The Palestine Solidarity Campaign (PSC) appealed to supporters of the liberation of Palestine to maintain their support for the boycott of the Labia Cinema. Due to very little media publicity, there has been an impression that the boycott of the famous cinema has come to end.
In February 2012, the SA Human Rights Commission (SAHRC) upheld the complaint by the PSC against the Labia which had cancelled the screening of the film “Roadmap to Apartheid” on the grounds that it was critical of Israel and too analogous to Apartheid South Africa.
The SAHRC recommended that the Labia should proceed to screen the film as it had agreed to do, finding that the Labia had discriminated unlawfully and unconstitutionally against the PSC.
“The Labia has applied to the High Court for the SAHRC’s recommendation to be reviewed and set aside. In this matter the SAHRC is the respondent, and the PSC is not directly a party,” explained Martin Jansen from PSC.
At the same time, the PSC has commenced proceedings before the Equality Court for an Order to the effect that the Labia must screen the film as originally agreed. This application by the PSC seeks to enforce the SAHRC’s ruling, and also to enforce constitutional rights set out in Sections 9 and 16 of the Bill of Rights.
In this matter, the PSC is thus a party. The reason for this is that the Equality Court has jurisdiction to hear cases relating to the right to equality under section 9 of the Constitution and the right to freedom of expression under section 15.
“There are thus two separate and, to a certain extent, overlapping lawsuits. Following a preliminary hearing before the High Court to determine the procedure to be followed, the judge made it clear that an attempt should be made to resolve the matter by mediation. The PSC and its lawyers, and the Labia management and their lawyers, duly met under the auspices of the SAHRC but the mediation failed and the matter must now be heard in court,” said Jansen.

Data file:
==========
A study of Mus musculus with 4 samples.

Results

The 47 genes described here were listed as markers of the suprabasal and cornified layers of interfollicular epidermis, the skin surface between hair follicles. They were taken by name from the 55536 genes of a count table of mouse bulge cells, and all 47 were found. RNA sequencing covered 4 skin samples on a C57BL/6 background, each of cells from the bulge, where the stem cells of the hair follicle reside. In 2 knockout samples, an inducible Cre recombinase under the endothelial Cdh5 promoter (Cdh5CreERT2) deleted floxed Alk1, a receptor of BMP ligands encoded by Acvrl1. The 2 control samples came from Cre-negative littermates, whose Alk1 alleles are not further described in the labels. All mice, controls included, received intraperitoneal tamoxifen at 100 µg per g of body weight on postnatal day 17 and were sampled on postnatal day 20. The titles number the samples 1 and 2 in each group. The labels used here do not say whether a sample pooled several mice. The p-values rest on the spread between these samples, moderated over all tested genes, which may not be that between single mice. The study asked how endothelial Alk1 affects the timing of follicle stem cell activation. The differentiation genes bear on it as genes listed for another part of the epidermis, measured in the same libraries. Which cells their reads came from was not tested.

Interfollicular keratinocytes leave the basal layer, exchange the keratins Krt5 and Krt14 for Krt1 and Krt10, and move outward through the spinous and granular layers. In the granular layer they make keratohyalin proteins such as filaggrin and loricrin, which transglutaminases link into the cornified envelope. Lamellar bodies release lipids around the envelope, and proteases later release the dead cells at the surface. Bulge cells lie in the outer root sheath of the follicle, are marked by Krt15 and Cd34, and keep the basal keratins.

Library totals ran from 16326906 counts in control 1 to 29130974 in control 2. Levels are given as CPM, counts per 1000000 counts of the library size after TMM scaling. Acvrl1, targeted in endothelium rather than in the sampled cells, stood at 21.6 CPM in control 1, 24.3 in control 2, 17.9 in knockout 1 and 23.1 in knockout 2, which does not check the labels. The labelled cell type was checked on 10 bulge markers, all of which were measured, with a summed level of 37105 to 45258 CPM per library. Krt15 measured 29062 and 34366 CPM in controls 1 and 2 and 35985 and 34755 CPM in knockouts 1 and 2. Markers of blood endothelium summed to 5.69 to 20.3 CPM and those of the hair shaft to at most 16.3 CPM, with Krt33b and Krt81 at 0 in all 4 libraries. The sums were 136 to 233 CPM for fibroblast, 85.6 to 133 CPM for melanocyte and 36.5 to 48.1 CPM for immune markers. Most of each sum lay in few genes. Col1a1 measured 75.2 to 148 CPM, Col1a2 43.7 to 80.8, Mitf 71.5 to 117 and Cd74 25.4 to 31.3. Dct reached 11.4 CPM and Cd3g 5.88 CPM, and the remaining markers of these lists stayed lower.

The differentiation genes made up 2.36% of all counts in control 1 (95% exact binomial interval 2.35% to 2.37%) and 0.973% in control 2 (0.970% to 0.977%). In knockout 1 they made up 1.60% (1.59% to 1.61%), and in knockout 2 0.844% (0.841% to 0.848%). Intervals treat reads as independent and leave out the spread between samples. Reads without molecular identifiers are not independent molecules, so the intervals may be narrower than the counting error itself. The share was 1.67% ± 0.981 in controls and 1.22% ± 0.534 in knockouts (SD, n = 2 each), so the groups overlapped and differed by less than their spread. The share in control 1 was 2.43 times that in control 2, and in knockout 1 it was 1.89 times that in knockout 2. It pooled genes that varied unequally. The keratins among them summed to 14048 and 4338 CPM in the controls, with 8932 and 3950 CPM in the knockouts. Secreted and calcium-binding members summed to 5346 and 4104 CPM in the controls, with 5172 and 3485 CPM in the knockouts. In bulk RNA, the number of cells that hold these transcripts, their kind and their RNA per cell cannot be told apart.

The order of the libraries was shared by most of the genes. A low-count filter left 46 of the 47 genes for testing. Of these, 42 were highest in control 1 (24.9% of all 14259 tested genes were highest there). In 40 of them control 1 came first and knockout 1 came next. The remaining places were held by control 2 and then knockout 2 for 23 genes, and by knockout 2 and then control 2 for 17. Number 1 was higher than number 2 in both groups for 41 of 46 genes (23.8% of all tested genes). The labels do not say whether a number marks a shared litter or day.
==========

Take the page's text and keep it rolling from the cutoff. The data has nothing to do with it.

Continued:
“The PSC wishes to emphasize that we are impatient to get the matter to court and are doing everything possible to move it forward.”
According to pro-Palestine organisation, this case has an importance going far beyond the PSC’s determination to show a film to which the Zionist community objects.
“The PSC is confident of the case against the Labia for we are of the view that the Bill of Rights is designed to address precisely situations such as this. In the past, the courts have blocked attempts to discriminate unlawfully on the grounds of race and gender, and this may well be the first time that the freedom to express political opinions has to be defended. The litigation initiated by the PSC is nothing less than the defence of the South African constitution against the threat to international peace, freedom, human dignity and a non-racist South Africa posed by Zionism.”